Glossier, the oft-described “millennial” makeup company, was one of the first beauty brands to align itself with Black Lives Matter in June, when an Instagram post announced a million-dollar donation to racial justice organizations and Black-owned businesses. But behind the scenes, employees allege a hostile work environment where harassment went unchecked by upper management.
Last week, after CEO Emily Weiss announced in a blog post that she would lay off all retail employees and keep physical stores shuttered at least until the end of the year (“possibly for the duration of the pandemic”), an Instagram account was created. Dubbed @OuttaTheGloss, a play on Weiss’ original beauty blog Into the Gloss, former shop employees published an open letter detailing their experiences.
“We as a collective of former retail employees—aka ‘editors’—have experienced an ongoing insidious culture of anti-Blackness, transphobia, ableism, and retaliation,” it read. The workers claimed that management did not fire a top staffer who “would routinely confuse BIPOC editors’ names,” even after “countless complaints.”
Even as Glossier earned a billion-dollar valuation, its New York flagship store in Soho was “rat-infested,” the letter read, with “non-functioning air conditioning” during the summer. Shop staff were made to assist customers, even through racist incidents. According to @OuttaTheGloss, management “repeatedly [permitted] a woman to enter the store whose sole engagement was with Latinx workers, who she would disparage as ‘illegals.’”
Workers were not kept safe from other instances of harassment, including “a customer grabbing a Black editor by the face to ‘show off’ her complexion to a friend,” and “a man who’d felt entitled enough to massage an editor without her consent.”
“[Management’s] approach cultivated a commitment to a customer satisfaction that undermined workers’ wellbeing so completely that it strayed from conventional deference to the buyer and instead for an ingratiating model—one that was totally submissive and deeply humiliating, particularly for those of us who are BIPOC,” the letter read.
A note at the top of the open letter says that it was “initiated and drafted prior to retail layoffs August 7th,” though it was published on Medium August 13. Glossier stores have been closed since mid-March and staff have been furloughed; they will receive 12 weeks of severance and health-care coverage through October.
When reached by email, a member of @OuttaTheGloss declined The Daily Beast’s request for comment, writing, “We are currently not interested in speaking to anyone about our story at this time.” Representatives for Glossier did not respond to inquiries made by The Daily Beast.
@OuttaTheGloss included a list of demands for Glossier executives, including an open Zoom call between editors and higher-ups “focusing on elevating and equalizing BIPOC editor voices, the people who are most impacted by issues presented in our letter.”
The collective also called for Weiss and the management team to “publicly acknowledge pain they’ve caused and harm perpetuated through their many years of inaction,” to be posted on Instagram, Twitter, the brand’s website, and other social media platforms.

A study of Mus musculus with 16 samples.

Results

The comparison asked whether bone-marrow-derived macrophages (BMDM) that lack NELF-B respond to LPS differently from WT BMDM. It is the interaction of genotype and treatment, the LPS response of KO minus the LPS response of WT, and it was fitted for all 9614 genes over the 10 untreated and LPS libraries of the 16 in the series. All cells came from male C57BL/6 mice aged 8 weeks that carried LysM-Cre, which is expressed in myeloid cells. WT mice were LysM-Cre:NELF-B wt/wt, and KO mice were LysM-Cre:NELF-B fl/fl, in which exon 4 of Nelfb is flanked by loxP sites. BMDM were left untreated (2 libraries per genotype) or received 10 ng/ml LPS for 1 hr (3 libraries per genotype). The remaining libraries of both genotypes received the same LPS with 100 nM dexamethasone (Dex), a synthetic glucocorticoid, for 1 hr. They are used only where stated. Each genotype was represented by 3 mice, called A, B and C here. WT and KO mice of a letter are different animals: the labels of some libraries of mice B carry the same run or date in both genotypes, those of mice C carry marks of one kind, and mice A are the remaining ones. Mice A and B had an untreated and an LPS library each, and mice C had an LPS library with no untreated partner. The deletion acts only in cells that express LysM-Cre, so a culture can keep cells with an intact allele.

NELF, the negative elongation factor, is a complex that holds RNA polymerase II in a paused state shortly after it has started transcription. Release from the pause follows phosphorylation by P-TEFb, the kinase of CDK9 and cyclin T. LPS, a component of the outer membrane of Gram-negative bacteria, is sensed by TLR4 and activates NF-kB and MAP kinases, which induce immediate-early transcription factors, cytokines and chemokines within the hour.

Along with that, @OuttaTheGloss asked for “quarterly company-wide anti-racism training,” which includes de-escalation training, “lived experiences of Editors as prompts,” and “an open dialogue between management and Editors on how to keep Editors safe.”
The retail employees also asked “to play an integral role in the hiring process of new managers.” They want to create a new system of performance evaluations, instigate a “No-Tolerance Policy” when it comes to racist customers, allowing for the “immediate removal of discriminatory and unsafe Flagship guests if necessary.”
Weiss, the brand’s 35-year-old founder, responded to the open letter with a blog post of her own one day later. According to Weiss, retail employees came in mid-June with “concerns around the work environment” of stores, which led to an investigation “with the added guidance of outside counsel.”
It was a two-week process, Weiss wrote, which included conversations with “more than a dozen retail team members” and led to the creation of a “plan to build a better work environment.”
The intentions included hiring new store managers and more HR support, charting “clear and compelling paths for career advancement at Glossier,” fine-tuning the “feedback loops between retail and corporate teams,” and “do[ing] a better job holding customers accountable for any behavior that is in violation of our values, especially when directed towards Black, POC, and LGBTQIA+ teammates.”
In an Instagram graphic, members of @OuttaTheGloss wrote about feeling “insulted” by Weiss’ response, calling it “performative and insufficient.”
So Glossier tried again on Monday, posting a statement on its main Instagram account, which has over 2.8 million followers.
“We’re so sorry that we didn’t create a workplace in which our retail employees felt supported in the most critical ways,” it began. The request for a Zoom call between former retail employees and management was granted, and participants will be “compensated for their time spent on the call.”
The letter doubled-down on some of the promises in Weiss’ original letter, adding that in the future stores will display a “code of conduct” setting “clear expectations on behavior.” Once shops have reopened, there will be quarterly town halls between staff and corporate leadership.
Later, @OuttaTheGloss thanked Glossier for the apology via a millennial pink Instagram graphic. “However, their work is not yet done,” it read. “This is only their first step.”